Is it good or bad to be reminded right away of another band, when starting on a new review?
Wildhoney of the Swedish band Tiamat does exactly that to you. And the album resembles – in style – to what we get to hear from bands like modern-day Moonspell and Pink Floyd. Aye, I kid you not.
But even if this is so, it means that Tiamat display vision, creativity, and courage to go to places where no others were before. They just take inspiration from other work (in this case Pink Floyd) and then run with it. Because the aforementioned Moonspell made a different type of music back when this disk was born.
Unfortunately, a lot of substance-induced shit presents itself on Wildhoney, a greenwashed disk of vinyl, if there ever was one. And this will cost Tiamat one or two stars off the rating. But what a move away from the 1992 production Clouds, which was on the Grunge/Death Metal train, big time. I never cease to be amazed.
So where is Wildhoney moving to?
The record was one of my guilty pleasures for a long time. It is not metal in the proper sense, but more of a symbiotic production between the drug-induced garbage people liked to produce back in the ’70s. Metal interludes and airy, fairy stuff of the green painted, crazed, and bearded forest tree huggers kind.
Now, this sounds terrible, doesn’t it?
Never fear: Wildhoney is one of the best such symbiotic productions that I have ever had the pleasure to enjoy and review. Why do I call this symbiotic? Tiamat mixed all these different styles1) into an amalgam of alluring scenes and airy soundscapes that make you want to get more. And they pulled this off beautifully.
Wildhoney is almost a concept album.
All details fit together, playfully linked by intros, intermezzos, and other beautifully crafted fillers.2) The quality of production, mixing, and mastering are by far outstanding.
True, I am hearing Pink Floyd at every corner of this record, and sometimes eerily so. But then there is enough authentic stuff in it to please. Sometimes even including a (fairly) good solo. Such as in Whatever That Hurts around 3/4 along the way, and another found in Gaia. Pretty good, but somewhat subdued.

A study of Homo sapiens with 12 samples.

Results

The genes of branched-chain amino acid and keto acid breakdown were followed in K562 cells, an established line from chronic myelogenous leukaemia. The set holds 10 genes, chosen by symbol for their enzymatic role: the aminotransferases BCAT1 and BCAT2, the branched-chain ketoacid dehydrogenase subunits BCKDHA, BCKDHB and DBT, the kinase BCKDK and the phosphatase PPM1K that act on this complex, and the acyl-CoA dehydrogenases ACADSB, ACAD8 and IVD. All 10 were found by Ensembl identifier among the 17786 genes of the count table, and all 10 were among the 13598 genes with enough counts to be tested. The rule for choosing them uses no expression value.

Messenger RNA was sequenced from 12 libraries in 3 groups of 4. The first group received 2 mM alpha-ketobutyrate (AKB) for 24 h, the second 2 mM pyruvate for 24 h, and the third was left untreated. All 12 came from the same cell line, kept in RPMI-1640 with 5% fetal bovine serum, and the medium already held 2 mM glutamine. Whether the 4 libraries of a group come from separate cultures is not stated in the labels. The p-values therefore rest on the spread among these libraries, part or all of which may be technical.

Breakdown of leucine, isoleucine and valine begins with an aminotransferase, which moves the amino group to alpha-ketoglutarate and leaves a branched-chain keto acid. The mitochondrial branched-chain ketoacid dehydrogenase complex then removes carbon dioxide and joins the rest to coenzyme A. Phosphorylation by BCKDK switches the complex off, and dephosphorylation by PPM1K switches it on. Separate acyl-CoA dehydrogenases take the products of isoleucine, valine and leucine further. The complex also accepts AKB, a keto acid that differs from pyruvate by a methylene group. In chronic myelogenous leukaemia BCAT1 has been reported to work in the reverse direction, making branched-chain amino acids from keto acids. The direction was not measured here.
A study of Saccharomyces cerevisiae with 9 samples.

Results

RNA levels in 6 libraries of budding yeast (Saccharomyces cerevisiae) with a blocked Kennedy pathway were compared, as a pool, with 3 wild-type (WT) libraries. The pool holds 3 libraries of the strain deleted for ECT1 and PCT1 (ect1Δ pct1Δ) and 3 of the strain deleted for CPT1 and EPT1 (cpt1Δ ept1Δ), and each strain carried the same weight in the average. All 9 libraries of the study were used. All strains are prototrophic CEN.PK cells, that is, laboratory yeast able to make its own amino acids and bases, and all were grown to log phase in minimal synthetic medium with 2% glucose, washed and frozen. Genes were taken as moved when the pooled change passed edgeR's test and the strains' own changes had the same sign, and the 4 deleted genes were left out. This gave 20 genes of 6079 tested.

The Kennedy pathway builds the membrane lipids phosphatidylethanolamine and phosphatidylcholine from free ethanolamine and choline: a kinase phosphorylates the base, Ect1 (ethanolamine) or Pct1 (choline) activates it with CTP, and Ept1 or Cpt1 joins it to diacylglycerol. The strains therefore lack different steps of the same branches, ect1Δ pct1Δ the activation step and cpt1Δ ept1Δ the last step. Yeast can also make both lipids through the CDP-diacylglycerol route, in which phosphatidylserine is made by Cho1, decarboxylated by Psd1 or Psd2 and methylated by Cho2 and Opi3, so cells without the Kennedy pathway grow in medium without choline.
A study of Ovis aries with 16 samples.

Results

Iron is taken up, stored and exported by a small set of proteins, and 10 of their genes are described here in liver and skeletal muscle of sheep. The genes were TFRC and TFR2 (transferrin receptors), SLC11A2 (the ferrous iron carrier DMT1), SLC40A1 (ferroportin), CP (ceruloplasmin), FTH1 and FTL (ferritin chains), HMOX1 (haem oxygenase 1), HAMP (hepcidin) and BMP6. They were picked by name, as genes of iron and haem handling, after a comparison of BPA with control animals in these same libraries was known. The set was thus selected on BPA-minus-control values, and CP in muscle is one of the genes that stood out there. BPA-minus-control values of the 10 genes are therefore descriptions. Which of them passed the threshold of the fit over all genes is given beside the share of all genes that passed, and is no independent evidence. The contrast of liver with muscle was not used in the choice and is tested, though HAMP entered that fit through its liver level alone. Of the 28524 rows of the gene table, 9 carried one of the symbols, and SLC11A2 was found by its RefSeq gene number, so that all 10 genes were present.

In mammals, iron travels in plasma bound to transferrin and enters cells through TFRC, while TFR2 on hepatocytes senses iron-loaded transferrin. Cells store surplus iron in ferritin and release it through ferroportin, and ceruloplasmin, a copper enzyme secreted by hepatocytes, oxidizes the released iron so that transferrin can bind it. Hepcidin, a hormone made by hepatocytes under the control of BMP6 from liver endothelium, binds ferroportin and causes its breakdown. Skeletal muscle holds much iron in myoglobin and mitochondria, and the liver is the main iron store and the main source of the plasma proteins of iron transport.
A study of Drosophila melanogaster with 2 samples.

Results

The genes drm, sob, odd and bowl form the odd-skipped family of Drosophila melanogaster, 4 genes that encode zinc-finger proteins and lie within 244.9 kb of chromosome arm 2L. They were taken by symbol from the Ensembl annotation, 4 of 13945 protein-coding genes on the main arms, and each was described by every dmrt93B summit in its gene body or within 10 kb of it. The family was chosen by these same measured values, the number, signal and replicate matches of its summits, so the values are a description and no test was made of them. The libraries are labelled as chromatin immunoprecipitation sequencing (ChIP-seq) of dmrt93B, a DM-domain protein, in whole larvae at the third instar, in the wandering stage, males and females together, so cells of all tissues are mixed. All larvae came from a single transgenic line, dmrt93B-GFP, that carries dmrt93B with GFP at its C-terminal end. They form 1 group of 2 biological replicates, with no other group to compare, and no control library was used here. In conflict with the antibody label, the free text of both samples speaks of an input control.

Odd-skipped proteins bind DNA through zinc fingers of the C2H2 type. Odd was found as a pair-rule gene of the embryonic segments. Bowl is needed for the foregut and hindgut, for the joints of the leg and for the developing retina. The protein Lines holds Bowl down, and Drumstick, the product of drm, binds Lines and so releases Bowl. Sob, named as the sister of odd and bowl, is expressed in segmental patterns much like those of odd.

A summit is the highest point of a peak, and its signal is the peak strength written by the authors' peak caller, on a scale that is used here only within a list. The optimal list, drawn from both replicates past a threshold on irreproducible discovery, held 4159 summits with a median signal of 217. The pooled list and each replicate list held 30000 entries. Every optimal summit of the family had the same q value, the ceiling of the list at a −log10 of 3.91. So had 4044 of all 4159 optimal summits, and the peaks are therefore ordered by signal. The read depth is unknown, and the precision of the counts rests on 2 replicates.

And for once the intro does not suck. Starting with Wildhoney – the title track with a forest/swamp noise background. The seamless shift into Whatever That Hurts (and I mean seamless) is just astonishing. A funky mixture of Atmospheric Metal elements at first. Earthy noises, and some pseudo Death Metal provisions by Johan Edlund. All of this intersperses with some psychedelic interludes, but more to that later.
Interestingly, Wildhoney was produced with a skeleton setup of two. Johan Edlund and John Hagel, plus a score of studio musicians. It looks like Edlund felt back then that the old crew would not be able to handle such a change. And went ahead firing most of them. Nasty, that. But the end result is more than presentable.
One of the highlights of the album is Kaleidoscope, again seamlessly followed by Do You Dream of Me. And I marvel at their skill to hook two tracks together in such a way. Laid back, dreamy, very relaxing sound of nature, and good storytelling. The latter actually appears to be a love story of sorts – very nicely executed.
Wildhoney – a gateway production?
Yes, probably. The disc leads from what Tiamat was before to what they are today. The record is also full of hidden meanings and controversial stuff. For example, The Ar talks about the evil of man, taking as a token the pentagram and the Aryan Race. A somewhat dangerous way of describing stuff. But then, Edlund never was a conformist, right?
One of the interesting aspects is that the producer – Waldemar Sorychta3) – also contributed to some of the songwriting, plus others as well. So, the songs and lyrics you find are somewhat of a team effort. Whilst still centered a lot on Johan Edlund, of course.
On the negative side, I always had trouble with the psychedelic 4) parts of Wildhoney. 1994 was way beyond this type of performance. The brunt of it happened towards the ’70s and early ’80s when many bands did not know how to stop going overboard with drug use. And this inevitably had a weird influence on their musical styles. For this artist, this leads to trainwrecks like Pocket Size Sun or its predecessor Planets.
Wildhoney needs to be enjoyed in one piece. Very complex, difficult to dissect, and beautifully connected to form one piece of work. This is great stuff, one of my favorites in the Atmospheric/Psychedelic Metal works I know.
Pink Floyd really influenced the style of this album. And as the lore goes Johan Edlund even confessed to striving to reach a PF sound-alike. Perhaps they overdid this a little. But as a complete piece of work, well done.